5: On Grattan Bridge On A Dull Grey Day

The Slug and Pah Wah drove from Bridewell Station down Church Street, along the Liffey towards Ormond Quay, onto the bridge, still known to most of unofficial Dublin as the Capel Street Bridge.

Officially, those bricks have undergone a metamorphosis and been rebaptised to take the name and bear the historic reputation of Henry Grattan.

Although loyal to the Crown and the British connection, Grattan had on the 16th April 1782 passed through ranks of Volunteers drawn up outside parliament house in Dublin, to move a declaration of the independence of the Irish Parliament.

“I found Ireland on her knees,” he exclaimed, “I watched over her with a paternal solicitude; I have traced her progress from injuries to arms and from arms to liberty. Spirit of Swift, spirit of Molyneux, your genius has now prevailed! Ireland is now a nation.”

Such a constitutional statement stood well with Spratt as indeed it had with his father, Festy senior, when he cycled all the way from Kerry to Buttevant in County Cork answering Redmond’s call on Irishmen to fight for the slight freedom of small and, as it transpired, the unrestrained freedoms of big nations.

He joined the Royal Dublin Fusiliers and, singing “It’s a long way to Tipperary,” left his young wife to care for Festy Junior, and Festy’s twin sister, Festina. All through the war he sang it, from Suvla and Sud el Bar to the Marne and the Marne again before being honourably discharged in 1919.

He returned to a republican Kerry countryside, its bleeding hills slightly deranged, where the boys of Barr na Sraide were fighting their sorrowfull way to victory, followed by immigrants’ raggedy deaths on the streets of London and New York…

So now its Junior’s day, young Festy’s way. And above the bridge the swish and swirl of screeching gulls is riding high and gliding on the back of a grey Dublin wind, indifferent to the buaboababbaum of the citizenry hurrying to and fro.

Beneath it all, the gull-pocked-rocked sky, the hubbub, and the hurley burley, beneath all of that Anna Livia Plurabelle is meandering her way from the solitude of the bog-brown peat pool between Tonduff and mist-wreathed Kippure to skirt the beaten tracks, once home to the wandering Aengus, that are now witnessing the comings and goings of a more secretive kind of visitor.

Unknown to the branchmen in the Morris Minor and they crossing Capel Street Bridge. Not far away from the further babbling of the murmuring brook which winds its way among the furze and fern wilderness, a number of people were digging into the soft peaty soil. They were constructing a dugout, a mountainy garage, where soon getaway cars would lurch and bump across white sandy paths obliterating faint sheep tracks before disappearing into the bog face.

“The fucking midges are eating me,” O’Donnell complained as he scratched at his scalp.

“Is it not big enough?” inquired Redican.

“Sure you wouldn’t fit a car in this,” scoffed Casey.

“A car!!” exclaimed Bates. “I thought this was for money.”

“Money!!” O’Donnell laughed, “an’ we without the Peacock entry fee between us.”

“That’s why I was wondering about the size,” explained Bates, “I thought youse were planning to rob the Bank of England.” He stood up on a large boulder and looked across the bracken blanket towards the barren granite tors on the summit of Three Rock Mountain. Somewhere, unseen, skylarks twittered. “This reminds me of my last poem…The beauty of the world….”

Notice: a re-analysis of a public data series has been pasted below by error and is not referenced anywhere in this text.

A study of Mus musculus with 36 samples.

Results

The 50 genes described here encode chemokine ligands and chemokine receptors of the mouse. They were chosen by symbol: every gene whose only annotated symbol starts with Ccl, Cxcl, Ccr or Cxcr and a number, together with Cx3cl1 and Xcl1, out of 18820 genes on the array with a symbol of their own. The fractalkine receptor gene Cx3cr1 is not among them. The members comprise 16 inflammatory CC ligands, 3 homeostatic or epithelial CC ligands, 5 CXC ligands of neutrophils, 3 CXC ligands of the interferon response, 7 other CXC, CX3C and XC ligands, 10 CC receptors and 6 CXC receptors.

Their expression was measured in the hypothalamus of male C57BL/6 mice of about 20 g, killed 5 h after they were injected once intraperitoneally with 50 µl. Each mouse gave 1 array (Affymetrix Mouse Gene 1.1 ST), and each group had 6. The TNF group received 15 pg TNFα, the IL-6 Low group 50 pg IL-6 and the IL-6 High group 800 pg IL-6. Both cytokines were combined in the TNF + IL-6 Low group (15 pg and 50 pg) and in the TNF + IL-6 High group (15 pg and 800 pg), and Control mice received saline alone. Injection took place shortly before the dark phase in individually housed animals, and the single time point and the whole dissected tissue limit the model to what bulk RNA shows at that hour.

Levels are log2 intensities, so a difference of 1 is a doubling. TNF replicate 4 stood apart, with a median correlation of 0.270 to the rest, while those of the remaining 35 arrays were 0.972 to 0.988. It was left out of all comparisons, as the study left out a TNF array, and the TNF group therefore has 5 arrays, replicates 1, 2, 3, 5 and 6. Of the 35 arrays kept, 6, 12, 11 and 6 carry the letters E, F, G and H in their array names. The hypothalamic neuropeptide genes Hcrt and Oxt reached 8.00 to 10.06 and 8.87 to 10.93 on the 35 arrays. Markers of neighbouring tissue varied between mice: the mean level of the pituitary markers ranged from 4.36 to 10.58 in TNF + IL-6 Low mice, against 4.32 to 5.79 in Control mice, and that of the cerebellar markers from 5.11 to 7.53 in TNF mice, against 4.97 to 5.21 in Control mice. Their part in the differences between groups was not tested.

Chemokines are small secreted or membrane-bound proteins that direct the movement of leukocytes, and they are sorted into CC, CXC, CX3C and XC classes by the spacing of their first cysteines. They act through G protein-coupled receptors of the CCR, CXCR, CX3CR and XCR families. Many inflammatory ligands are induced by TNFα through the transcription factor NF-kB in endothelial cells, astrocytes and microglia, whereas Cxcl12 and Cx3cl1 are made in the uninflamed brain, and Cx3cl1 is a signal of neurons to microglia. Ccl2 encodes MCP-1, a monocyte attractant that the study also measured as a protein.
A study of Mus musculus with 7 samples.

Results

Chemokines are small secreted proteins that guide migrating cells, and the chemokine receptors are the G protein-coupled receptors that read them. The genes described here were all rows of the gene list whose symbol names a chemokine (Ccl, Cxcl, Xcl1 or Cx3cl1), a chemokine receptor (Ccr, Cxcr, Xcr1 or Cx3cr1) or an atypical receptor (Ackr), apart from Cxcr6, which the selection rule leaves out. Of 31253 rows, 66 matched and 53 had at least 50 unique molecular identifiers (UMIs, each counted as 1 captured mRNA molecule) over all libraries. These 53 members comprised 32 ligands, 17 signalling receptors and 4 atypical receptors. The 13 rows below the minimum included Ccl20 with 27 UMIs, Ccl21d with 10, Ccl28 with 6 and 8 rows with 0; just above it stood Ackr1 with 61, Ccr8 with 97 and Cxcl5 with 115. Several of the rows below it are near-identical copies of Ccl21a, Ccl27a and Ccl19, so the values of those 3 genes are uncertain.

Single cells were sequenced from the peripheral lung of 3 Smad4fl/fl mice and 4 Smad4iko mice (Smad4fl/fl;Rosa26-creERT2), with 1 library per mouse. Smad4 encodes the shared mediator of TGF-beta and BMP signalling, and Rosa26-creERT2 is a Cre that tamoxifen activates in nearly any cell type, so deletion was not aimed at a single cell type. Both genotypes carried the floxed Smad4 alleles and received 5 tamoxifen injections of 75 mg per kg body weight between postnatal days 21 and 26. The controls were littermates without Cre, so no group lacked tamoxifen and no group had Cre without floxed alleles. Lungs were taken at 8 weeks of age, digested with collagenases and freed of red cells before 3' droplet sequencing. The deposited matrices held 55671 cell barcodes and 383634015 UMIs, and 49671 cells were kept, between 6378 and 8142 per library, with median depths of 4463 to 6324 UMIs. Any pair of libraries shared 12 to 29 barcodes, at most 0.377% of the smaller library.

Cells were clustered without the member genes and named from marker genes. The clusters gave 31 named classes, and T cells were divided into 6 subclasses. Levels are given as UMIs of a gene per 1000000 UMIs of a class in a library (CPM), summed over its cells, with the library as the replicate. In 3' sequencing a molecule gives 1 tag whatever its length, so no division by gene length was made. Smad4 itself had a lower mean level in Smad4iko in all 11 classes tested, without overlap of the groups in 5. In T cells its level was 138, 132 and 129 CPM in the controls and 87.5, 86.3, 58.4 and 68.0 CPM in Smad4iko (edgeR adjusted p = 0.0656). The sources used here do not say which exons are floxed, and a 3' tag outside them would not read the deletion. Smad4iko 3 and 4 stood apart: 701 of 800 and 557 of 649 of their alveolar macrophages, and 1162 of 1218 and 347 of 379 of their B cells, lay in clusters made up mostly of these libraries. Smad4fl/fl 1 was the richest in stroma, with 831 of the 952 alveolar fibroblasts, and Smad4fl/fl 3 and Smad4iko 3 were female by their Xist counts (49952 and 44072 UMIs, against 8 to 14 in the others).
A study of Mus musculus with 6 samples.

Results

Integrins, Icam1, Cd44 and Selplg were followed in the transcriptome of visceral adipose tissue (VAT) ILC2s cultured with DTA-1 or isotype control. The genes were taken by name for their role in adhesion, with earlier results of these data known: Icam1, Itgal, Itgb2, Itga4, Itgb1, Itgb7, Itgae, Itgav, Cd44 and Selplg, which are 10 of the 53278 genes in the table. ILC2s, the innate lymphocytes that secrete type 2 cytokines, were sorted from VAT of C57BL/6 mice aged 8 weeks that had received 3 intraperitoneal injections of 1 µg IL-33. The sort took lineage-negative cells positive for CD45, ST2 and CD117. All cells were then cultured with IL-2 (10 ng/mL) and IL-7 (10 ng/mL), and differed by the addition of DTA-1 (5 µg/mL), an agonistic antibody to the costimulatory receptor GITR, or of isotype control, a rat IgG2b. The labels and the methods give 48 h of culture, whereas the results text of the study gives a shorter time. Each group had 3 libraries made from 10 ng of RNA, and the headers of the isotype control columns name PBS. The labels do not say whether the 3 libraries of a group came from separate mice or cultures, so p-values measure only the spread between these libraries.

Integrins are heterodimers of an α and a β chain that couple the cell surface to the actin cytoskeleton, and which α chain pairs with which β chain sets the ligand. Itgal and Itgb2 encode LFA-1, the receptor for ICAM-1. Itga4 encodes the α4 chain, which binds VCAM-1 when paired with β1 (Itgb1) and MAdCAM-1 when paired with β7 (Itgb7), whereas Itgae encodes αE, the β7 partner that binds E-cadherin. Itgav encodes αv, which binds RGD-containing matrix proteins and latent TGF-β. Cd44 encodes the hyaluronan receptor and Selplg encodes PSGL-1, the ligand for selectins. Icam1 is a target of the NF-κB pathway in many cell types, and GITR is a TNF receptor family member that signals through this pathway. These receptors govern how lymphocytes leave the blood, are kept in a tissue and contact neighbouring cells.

“Is in a boghole,” O’Donnell cut in. He handed up a shovel to Bates “Come down and start fuckin’ digging. We didn’t come up here to listen to you recitin’ bloody poetry.”

“No,” agreed Redican. “If we wanted a poetry recital we could go to McDaids and listen to John Jordan, talking to the ceiling while looking like El Greco’s St Francis of Assisi.”

“Except we can’t,” O’Donnell cut in again. “’Cause we don’t fuckin’ have the fuckin’ entrance fee!”

While the diggers dug on, with a lot more digging to do, glinting water splashed racing on to the Sally Gap. Nature just naturally getting on with being its natural self. Nature indifferent to the admiring gazes of the tourists who had left their cars unattended. And those vehicles under the watchful eyes of car thieves pretending to be courting couples in the nearby heather. As is, all of it, only natural.

So, beneath a dappled, no longer so gull-bothered, sky, our river runs. By the Poulaphouca Reservoir on to the unnaturally manicured fields of stud country. Here, Ragusa, winner, only four years earlier, of the Irish Derby, King George V1 and Queen Elizabeth Stakes and the St Leger, is stretched out, contentedly exhausted from fucking the long legged beauties, the Debs and Barbies of equine society. Further on yet, Anna’s murmuring waters slip to slide around gentle bends and on to Dublin County, past Chapelizod and Banks of willow weed, to a darkness where open fields surrender to housing estates in which, with poor mouths, lost and lonely children of an original sin praise Christ Pantocrator. Lord of all.

Past Eve and Adam’s then, past the Slug and Pah Wah in their Morris Minor unaware, actually fucking clueless, that deeply down in the dirt and gloom, further away than they can think, longer ago than they can dream, long before Cairbre, our Liffey’s lover, had married Fionn’s bright daugher, Ainé, a primeval oul’ row is burbling on.

This quarrel between the North Channel Mullet and the South Channel Salmon. How sad is it, the cold, dark, history of Ireland? How cold is it, how dark, the sad history of Ireland? Sad. Cold. Dark. All of these and none, ring the bright bells of Ballsbridge!!!